Michigan State University
Encouraging students to be active can be challenging for higher education professionals. Michigan State University utilizes the talents of its upper-level students to mentor and support their peers’ physical activity goals—resulting in a healthier campus culture.
The ACTIVE Spartans program matches participants with a peer Physical Activity Mentor (PAM) who meets with them regularly to identify and achieve fitness goals over a set period of time. The program hinges on a referral from other campus health professionals, connecting available resources and promoting holistic well-being for the student.
The background: Since 2014, MSU has participated in the Exercise Is Medicine program with the American College of Sports Medicine, which encourages institutions to establish a referral system between health-care providers and certified fitness professionals, create education initiatives, encourage movement in campus culture, and promote the health benefits of physical activities.
Survey: Students Link Wellness to Success
A spring 2023 survey from Inside Higher Ed and College Pulse found students’ physical health is impacting their academic success, particularly among students with disabilities or mental health conditions.
Almost three in four students with physical disabilities and chronic illnesses reported their physical health and wellness impacts their ability to focus, learn and do well in class at least somewhat, and over half of students with a mental health condition were impacted at least some.
MSU supports the first pillar through ACTIVE Spartans, referring learners from campus health-care providers to the Health Promotion Department, which houses the program.
Who’s involved: PAMs are kinesiology students who work as interns for a term, normally as juniors or seniors, under the direction of a certified personal trainer on staff at MSU. Their mentees are those referred by any health-care professional on campus, whether that’s social workers, nutritionists, counselors or a primary care provider.
The reason for referral can vary, “whether that’s to improve mental health symptoms, a chronic disease, but also for social connection,” says Kristin Traskie, fitness and wellness program coordinator.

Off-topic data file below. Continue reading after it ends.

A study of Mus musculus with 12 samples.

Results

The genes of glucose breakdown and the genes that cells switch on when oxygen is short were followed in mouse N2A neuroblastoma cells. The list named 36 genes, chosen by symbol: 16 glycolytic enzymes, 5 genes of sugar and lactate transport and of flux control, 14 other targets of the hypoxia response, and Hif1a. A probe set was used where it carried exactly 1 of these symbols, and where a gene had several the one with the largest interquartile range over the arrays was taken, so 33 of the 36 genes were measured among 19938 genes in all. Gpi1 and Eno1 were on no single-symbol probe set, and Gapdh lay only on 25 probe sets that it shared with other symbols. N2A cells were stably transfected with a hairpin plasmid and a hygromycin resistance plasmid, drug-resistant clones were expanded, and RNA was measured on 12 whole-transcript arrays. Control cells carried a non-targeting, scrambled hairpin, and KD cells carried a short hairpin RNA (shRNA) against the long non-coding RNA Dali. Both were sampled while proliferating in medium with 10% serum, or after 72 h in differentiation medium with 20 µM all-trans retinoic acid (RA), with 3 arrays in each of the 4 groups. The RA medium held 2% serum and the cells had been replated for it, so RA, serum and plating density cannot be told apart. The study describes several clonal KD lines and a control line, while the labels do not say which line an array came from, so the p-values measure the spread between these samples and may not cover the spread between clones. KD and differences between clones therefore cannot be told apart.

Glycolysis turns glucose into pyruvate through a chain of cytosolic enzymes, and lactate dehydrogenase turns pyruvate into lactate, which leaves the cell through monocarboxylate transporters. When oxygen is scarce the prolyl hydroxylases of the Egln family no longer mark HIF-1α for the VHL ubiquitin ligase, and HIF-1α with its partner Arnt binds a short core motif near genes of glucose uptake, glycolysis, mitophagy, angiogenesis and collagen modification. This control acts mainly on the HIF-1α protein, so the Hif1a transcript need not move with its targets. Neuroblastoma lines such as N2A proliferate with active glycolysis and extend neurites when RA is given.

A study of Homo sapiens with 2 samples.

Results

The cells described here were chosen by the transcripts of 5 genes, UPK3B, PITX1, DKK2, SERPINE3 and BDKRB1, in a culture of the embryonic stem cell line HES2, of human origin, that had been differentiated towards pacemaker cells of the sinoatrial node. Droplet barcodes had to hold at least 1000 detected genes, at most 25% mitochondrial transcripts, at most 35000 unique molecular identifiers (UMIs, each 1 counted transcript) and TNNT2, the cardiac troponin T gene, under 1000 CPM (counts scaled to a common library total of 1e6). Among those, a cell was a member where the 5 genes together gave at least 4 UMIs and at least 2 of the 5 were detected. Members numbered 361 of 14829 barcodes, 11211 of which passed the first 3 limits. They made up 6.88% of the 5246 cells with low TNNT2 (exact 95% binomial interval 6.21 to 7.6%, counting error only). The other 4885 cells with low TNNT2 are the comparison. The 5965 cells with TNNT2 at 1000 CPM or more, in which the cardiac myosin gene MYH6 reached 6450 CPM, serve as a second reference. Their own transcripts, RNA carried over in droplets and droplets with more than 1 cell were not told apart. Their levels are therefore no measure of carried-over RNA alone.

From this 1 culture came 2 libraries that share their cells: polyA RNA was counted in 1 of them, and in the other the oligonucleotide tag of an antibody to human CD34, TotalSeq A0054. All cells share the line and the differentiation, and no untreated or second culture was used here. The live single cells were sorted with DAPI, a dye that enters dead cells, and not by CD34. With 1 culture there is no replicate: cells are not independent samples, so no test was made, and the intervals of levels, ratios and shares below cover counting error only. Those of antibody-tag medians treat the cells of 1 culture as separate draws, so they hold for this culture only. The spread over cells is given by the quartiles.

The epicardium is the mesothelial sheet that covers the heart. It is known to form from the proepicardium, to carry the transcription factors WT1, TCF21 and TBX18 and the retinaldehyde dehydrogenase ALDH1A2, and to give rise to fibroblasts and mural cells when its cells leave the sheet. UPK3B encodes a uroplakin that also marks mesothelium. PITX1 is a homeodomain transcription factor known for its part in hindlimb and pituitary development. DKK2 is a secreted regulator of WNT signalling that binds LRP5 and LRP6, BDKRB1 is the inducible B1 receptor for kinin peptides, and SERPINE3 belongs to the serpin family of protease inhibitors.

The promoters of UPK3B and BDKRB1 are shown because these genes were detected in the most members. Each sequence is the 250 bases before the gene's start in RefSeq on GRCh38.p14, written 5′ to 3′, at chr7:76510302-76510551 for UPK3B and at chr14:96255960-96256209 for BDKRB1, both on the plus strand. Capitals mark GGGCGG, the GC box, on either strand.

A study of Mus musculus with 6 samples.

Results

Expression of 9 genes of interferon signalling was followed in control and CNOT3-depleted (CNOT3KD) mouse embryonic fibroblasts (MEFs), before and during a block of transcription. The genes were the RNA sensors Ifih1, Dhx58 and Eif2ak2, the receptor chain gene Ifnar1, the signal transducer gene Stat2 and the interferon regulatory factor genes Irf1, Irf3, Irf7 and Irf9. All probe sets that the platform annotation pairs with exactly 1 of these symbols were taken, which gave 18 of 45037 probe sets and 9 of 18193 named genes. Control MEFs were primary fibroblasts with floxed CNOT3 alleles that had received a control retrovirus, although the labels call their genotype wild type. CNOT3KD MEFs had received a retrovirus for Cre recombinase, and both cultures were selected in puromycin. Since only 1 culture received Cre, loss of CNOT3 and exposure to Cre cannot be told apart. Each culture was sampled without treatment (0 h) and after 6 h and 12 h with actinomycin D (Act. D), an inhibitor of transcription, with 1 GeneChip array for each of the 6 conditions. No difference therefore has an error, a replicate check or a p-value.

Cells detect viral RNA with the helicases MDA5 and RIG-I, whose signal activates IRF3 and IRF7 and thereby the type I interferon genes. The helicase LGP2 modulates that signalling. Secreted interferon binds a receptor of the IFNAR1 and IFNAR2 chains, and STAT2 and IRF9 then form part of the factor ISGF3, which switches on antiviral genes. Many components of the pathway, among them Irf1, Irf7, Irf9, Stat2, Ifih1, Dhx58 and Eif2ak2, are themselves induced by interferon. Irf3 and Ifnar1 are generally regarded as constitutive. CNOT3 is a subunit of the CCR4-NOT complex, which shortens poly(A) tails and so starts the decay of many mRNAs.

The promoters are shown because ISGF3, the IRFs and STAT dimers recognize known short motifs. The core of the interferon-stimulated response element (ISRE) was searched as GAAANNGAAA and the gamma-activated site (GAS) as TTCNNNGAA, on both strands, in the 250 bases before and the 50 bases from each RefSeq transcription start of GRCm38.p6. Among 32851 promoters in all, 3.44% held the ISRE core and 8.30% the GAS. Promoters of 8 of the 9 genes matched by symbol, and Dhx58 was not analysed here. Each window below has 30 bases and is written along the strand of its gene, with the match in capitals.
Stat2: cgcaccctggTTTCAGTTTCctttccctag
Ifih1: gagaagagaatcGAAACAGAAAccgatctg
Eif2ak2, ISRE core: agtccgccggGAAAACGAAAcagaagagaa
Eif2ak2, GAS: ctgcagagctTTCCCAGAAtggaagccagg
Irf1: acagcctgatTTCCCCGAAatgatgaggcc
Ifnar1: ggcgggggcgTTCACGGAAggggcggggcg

Student involvement also varies by semester. Pre-pandemic, the program had between one and five PAMs and between five and 30 participants, but participation has flexed since remote instruction in 2020.
How it works: Mentoring can happen in person or virtually. The university offered ACTIVE Spartan mentoring remotely during stay-at-home orders, and many students preferred the format because they could work out in their own rooms, Traskie says. Now, however, it’s offered primarily in person.
The mentee completes a brief intake at the start of the program, beginning with registration forms and then getting paired with a mentor. During the first session, the PAM leads the mentee through a series of physical activity assessments—including a one-mile walk test, sit-up and push-up tests, and heart rate and blood pressure measurements.
Then, the duo establishes a physical activity goal. “Students, a lot of times, think they have to go run miles upon miles to be physically active,” Traskie says. “And we really work hard both in the initiative and this program to debunk those myths.”
One student’s goal could be to take a walk on campus, another could be to use the campus fitness center or another could want a fitness plan (reviewed by certified trainers on staff).
“The goal of the mentors working with the mentees, of course, is to improve physical fitness measures over time,” Traskie says. “But really, the No. 1 goal is just to make students feel more confident in their ability to move on their own or in social situations.”
Most participants meet with their mentors three times over three weeks, but frequency and number of meetings can vary depending on student schedules.
The impact: Upon completion of the program, mentees are equipped with both the tools and confidence to lead their own fitness journey and engage in other campus offerings, like group classes. MSU staff collect data from participants in a pre- and postsurvey to assess physical activity levels and measure change, which they compare to National College Health Assessments result from the institution, as well.
For the mentors, having hands-on work experience is invaluable, Traskie says. “They’re hungry to get working, and they really like working with their peers. It’s really a different population than what they get to do … outside of the institution.”
PAMs also build people skills (communication, conflict resolution, flexibility, etc.) and receive career guidance from staff around résumé development and interviewing skills. Additionally, the mentors leave with confidence and expertise to sit for the personal trainer certification exam.
“We’ve had 100 percent of our interns that have taken that exam following their internship pass,” Traskie says. “So not only are they walking away then as an undergrad with a degree, or maybe if they’re a junior, prior to graduating, now they have that certification that offers them a career path or career flexibility.”